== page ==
How to Install a Stair Runner
There aren’t many staircases that couldn’t benefit from a neutral and subtle touch of Stitches Stair Runner. (Not to mention that a runner also protects your wooden stair treads against wear and tear from the clickety-clack of heeled shoes and little—or big—pet paws.) Since you’ve been asking for installation tips for a while now, we put together this definitive how-to for installing a stair runner. The coolest part? It’s a whole lot simpler than you might think.
very fine staples
air pressure staple gun or power staple gun
How to do it:
1. To determine how long a runner you’ll need, measure the depth of the stair tread and the height of the riser. Multiply the total by the number of stairs; this is your total runner length.
3. If you have not had carpet installed on your stairs previously, or had a carpet that had an attached cushion, then you will have to install new tack strips. Install the strips along the back of the tread, where it meets the riser, leaving just enough of a gap to tuck the carpet over (approximately ¼ of an inch should be good). Be sure that the nails are angled towards the riser.
4. Trim the underpad to fit each tread, coming up to the edge of the tack strips (it does not go over them). Bring it up to the edge of the tread; do not wrap it around the lip. Fasten the pad by stapling at intervals.
5. Mark the cut line on the pad about .5 inches from the front of the stair tread. (Note that the runner will be slightly wider than the rug pad, and thus the edges of the rug pad won’t peek out from underneath.) Cut the rug pad along the line with fabric scissors. Measure and cut as many rug pads as needed to cover all treads.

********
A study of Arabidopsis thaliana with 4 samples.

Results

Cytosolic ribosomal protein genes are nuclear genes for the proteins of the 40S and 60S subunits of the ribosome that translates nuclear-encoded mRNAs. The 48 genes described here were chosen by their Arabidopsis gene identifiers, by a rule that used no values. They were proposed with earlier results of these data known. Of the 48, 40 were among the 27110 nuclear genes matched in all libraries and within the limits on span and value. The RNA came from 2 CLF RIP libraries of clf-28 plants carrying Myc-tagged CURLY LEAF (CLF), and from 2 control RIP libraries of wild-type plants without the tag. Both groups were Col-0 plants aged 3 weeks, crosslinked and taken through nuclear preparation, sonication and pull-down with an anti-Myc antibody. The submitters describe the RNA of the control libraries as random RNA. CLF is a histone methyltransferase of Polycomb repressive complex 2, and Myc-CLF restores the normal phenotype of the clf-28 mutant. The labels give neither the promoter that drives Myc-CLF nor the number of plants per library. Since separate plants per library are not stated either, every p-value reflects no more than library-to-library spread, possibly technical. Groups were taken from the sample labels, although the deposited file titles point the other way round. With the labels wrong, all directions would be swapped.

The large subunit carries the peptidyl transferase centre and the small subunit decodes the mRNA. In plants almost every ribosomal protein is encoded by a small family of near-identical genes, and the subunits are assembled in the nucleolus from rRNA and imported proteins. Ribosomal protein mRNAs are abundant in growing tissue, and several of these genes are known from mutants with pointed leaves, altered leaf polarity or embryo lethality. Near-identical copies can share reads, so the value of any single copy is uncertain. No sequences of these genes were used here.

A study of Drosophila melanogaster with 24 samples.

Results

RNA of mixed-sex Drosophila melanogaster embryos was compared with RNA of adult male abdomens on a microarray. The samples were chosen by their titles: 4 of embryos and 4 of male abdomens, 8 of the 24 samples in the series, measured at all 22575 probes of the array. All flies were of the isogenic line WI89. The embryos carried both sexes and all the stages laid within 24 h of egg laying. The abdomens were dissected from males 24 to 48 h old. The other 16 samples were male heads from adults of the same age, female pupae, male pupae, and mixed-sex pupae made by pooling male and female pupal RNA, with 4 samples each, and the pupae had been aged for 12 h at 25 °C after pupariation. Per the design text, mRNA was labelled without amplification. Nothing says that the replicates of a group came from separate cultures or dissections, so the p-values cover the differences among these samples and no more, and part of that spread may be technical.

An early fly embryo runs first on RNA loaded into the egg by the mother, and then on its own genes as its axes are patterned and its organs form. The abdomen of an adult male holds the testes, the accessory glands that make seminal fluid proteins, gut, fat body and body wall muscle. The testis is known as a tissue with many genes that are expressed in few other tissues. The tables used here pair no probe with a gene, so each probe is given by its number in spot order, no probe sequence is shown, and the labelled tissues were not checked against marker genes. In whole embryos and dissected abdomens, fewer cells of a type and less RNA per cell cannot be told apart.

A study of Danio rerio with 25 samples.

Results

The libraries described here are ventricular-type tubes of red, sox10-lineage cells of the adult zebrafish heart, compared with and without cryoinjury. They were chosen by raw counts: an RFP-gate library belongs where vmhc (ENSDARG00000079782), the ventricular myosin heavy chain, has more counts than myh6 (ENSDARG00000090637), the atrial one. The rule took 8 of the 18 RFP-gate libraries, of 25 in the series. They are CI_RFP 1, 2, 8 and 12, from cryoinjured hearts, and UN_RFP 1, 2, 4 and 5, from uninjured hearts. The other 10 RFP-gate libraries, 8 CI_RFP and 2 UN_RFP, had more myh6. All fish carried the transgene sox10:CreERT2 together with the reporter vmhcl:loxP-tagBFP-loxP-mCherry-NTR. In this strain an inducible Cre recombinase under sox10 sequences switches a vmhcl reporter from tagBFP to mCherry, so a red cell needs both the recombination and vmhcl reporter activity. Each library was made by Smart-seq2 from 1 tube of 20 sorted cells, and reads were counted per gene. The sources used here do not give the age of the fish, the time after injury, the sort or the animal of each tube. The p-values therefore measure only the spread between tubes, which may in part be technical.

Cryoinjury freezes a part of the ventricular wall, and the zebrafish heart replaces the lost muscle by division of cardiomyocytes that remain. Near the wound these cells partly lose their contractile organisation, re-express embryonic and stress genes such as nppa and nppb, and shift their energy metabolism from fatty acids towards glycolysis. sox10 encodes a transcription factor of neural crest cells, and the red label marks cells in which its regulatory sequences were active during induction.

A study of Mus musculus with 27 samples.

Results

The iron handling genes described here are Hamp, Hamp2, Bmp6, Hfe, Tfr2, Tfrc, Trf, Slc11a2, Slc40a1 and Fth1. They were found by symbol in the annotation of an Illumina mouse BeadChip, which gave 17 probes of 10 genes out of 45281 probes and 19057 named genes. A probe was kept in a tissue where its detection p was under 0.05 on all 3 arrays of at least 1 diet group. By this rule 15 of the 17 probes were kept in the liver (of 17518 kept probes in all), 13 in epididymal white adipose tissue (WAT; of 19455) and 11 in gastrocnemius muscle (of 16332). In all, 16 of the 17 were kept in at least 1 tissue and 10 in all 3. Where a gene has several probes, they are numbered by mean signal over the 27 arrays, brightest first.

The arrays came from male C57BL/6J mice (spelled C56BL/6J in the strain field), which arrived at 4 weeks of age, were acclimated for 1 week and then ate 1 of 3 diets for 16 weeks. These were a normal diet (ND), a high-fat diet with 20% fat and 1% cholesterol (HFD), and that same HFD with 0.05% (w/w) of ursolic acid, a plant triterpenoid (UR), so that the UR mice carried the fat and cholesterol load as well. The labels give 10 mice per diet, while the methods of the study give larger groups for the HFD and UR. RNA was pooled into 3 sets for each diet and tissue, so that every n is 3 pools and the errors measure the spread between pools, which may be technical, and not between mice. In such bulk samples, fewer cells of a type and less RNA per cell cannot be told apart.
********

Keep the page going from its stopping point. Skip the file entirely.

6. Start at the bottom. Measure and measure again. Make sure the rug is centered on the first stair and straight. The beginning is the most important part to get straight/even, since any crookedness will travel and can become more noticeable as you move up the stairs. You have some wiggle room to correct as you go, but not too much leeway so better to be perfect from the beginning.
7. Roll up the carpet, and lay it a few steps above the bottom. Then pull the end toward the bottom. You'll need some slack to work with so that you don't tug too hard on the bottom and cause the entire roll to fall down on you. Keep the roll centered as you work your way up the stairs.
8. Run a row of tackless staples along the bottom of the bottom riser where the carpet meets the floor. Fasten the carpet underneath the nosing of the tread with staples, and wrap the carpet around the nosing and over the tack strip at the back of the tread.
9. Using a knee kicker, stretch the carpet tight to the back of the tread, and hold in place until staples can be applied to the back of the tread behind the tack strip.
10. Use the stair tool to wedge the carpet into the corner between the tread and the riser.
11. Repeat the process starting at step 7 as you work your way up the stairs. End the process at the corner between the top tread and the last riser to the floor above. After stapling the carpet to the last tread, use a carpet knife to trim any excess carpet.
*Please note: This installation is for straight staircase not curved or open stairs, it does not include landing, and no pattern matched.